Despite numerous claims from both Vision Vancouver and NPA councillors and park board commissioners that politics had been set aside in the quest to find funding for a seniors centre for southeast Vancouver, what transpired at city council Wednesday morning painted a very different picture.
Dozens of seniors showed up to city hall for a finance committee meeting Wednesday morning to hear council vote on a prior motion recommending the city make an additional financial contribution of up to $1.2 million towards the project from surplus funds from the 2013 operating budget.
The vote, which many assumed would be dealt with in short order out of respect to the many seniors gathered, took almost two hours, with Vision and NPA elected officials arguing over minor details and Vision councillors Geoff Meggs and Kerry Jang heckling NPA councillor George Affleck most times he spoke.
The bad behaviour of council was not lost on the seniors gathered, many of whom shifted uncomfortably in their seats as the bickering continued and as what should have unfolded as a good news story unravelled as the councillors continued to showboat.
Council finally agreed to work towards the common goal of seeing a 10,000-square foot seniors centre in Killarney.
The centre would also include a commercial kitchen and elevator built on land adjacent to the Killarney Community Centre.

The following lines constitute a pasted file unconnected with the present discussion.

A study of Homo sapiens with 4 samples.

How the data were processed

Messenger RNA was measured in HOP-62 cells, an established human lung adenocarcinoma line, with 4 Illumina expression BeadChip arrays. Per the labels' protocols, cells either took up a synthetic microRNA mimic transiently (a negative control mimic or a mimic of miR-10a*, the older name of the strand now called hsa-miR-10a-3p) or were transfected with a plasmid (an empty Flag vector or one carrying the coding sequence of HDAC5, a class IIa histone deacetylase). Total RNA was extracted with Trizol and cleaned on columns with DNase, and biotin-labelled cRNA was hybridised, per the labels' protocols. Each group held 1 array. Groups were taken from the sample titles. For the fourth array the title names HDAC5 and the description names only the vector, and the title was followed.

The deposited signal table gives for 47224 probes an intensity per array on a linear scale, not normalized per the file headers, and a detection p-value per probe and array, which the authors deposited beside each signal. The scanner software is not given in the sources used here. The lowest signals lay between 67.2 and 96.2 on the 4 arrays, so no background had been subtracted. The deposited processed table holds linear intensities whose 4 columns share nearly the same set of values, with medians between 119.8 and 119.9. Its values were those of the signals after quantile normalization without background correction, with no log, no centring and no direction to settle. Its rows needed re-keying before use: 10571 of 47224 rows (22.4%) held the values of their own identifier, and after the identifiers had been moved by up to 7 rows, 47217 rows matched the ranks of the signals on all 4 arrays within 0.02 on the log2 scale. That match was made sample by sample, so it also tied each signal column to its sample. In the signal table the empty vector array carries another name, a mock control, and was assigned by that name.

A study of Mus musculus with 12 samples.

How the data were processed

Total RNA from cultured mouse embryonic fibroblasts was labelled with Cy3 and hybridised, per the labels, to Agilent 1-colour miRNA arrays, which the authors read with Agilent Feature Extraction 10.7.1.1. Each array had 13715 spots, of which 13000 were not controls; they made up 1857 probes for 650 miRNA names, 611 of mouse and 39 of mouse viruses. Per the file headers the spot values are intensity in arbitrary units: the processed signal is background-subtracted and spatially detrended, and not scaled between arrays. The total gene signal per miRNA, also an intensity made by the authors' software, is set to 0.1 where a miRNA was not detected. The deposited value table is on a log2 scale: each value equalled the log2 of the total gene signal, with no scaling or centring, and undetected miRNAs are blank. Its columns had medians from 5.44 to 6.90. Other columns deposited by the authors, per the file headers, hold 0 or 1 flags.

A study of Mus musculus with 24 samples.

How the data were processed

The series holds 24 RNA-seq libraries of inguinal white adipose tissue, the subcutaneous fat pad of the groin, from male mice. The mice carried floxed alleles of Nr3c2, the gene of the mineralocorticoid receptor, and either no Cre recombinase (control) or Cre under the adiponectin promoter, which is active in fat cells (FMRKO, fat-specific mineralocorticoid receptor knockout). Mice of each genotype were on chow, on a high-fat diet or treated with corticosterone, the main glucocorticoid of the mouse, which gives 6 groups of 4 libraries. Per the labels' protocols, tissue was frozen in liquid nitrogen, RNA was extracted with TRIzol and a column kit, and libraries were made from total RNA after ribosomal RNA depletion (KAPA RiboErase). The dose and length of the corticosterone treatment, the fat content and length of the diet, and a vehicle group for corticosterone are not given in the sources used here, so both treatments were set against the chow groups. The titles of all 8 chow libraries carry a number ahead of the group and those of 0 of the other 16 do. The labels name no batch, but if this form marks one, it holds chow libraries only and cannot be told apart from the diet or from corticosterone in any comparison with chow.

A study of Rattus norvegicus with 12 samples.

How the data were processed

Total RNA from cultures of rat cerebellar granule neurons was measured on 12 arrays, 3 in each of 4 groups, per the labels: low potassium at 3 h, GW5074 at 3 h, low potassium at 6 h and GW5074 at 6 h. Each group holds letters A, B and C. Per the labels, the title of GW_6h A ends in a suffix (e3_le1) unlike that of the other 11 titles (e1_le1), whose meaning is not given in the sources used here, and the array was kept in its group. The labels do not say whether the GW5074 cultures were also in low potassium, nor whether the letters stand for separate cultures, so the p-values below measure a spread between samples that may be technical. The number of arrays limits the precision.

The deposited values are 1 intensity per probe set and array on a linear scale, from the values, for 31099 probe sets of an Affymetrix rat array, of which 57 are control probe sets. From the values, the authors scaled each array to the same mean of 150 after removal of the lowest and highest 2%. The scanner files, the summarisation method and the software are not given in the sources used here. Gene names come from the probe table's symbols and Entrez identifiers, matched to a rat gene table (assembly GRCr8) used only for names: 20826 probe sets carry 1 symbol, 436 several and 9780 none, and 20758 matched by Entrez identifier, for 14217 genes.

NPA councillor Elizabeth Ball attempted to postpone the vote so council could look for “alternate funding.”
Acting mayor Vision Coun. Raymond Louie told a packed chambers earlier in the meeting that the lack of a seniors centre in southeast Vancouver has been an issue since 2001 — and four separate mayors and council. Citing the length of time the project has been on the table, the Vision councillors voted unanimously against Ball’s motion.
The actual cost of the centre was also a matter of discussion. The project was initially estimated at $7.5 million, but with no review completed by staff in at least five years, the NPA speculate the cost could have risen to as high as $10 million. At the meeting Vision park board commissioner Aaron Jasper requested staff complete a review of the cost as soon as possible.
Vision park board chair Niki Sharma also spoke in support of the motion, as did NPA commissioner Melissa De Genova, who was the target of some aggressive questioning by Louie over what he called her “change of heart” regarding funding for the project.
The $1.2 million approved Wednesday follows an initial commitment from the city of $2.5 million in 2011. It was the park board that got the ball rolling when it dedicated the land adjacent to Killarney Community Centre in 2009. In January, the federal government got on board with a promise of $2.5 million so long as work gets underway in 2014.
In 2012, the province committed $1.3 million, short of the $2.5 million hoped for by the city and members of the Southeast Vancouver Seniors’ Arts and Cultural Society, including seniors activist Lorna Gibbs, who addressed council Wednesday. Mohinder Sidhu and Mabel Leung also spoke to council on behalf of seniors in southeast Vancouver.
While there are seven seniors centres located west of Cambie Street, there are none in southeast Vancouver, home to one-third, or 27,000, of the city’s seniors.
Also in attendance was Keith Jacobson, who along with Gibbs has been fighting to see a seniors centre built in Killarney for more than a decade.
When council finally voted in favour of the funding, the crowd of seniors watching the proceedings broke out into loud applause.
As a happy Gibbs left council chambers she was surrounded by well-wishers congratulating her on the vote.
“It’s not done yet,” was Gibbs cautious response. “There’s still work to be done.”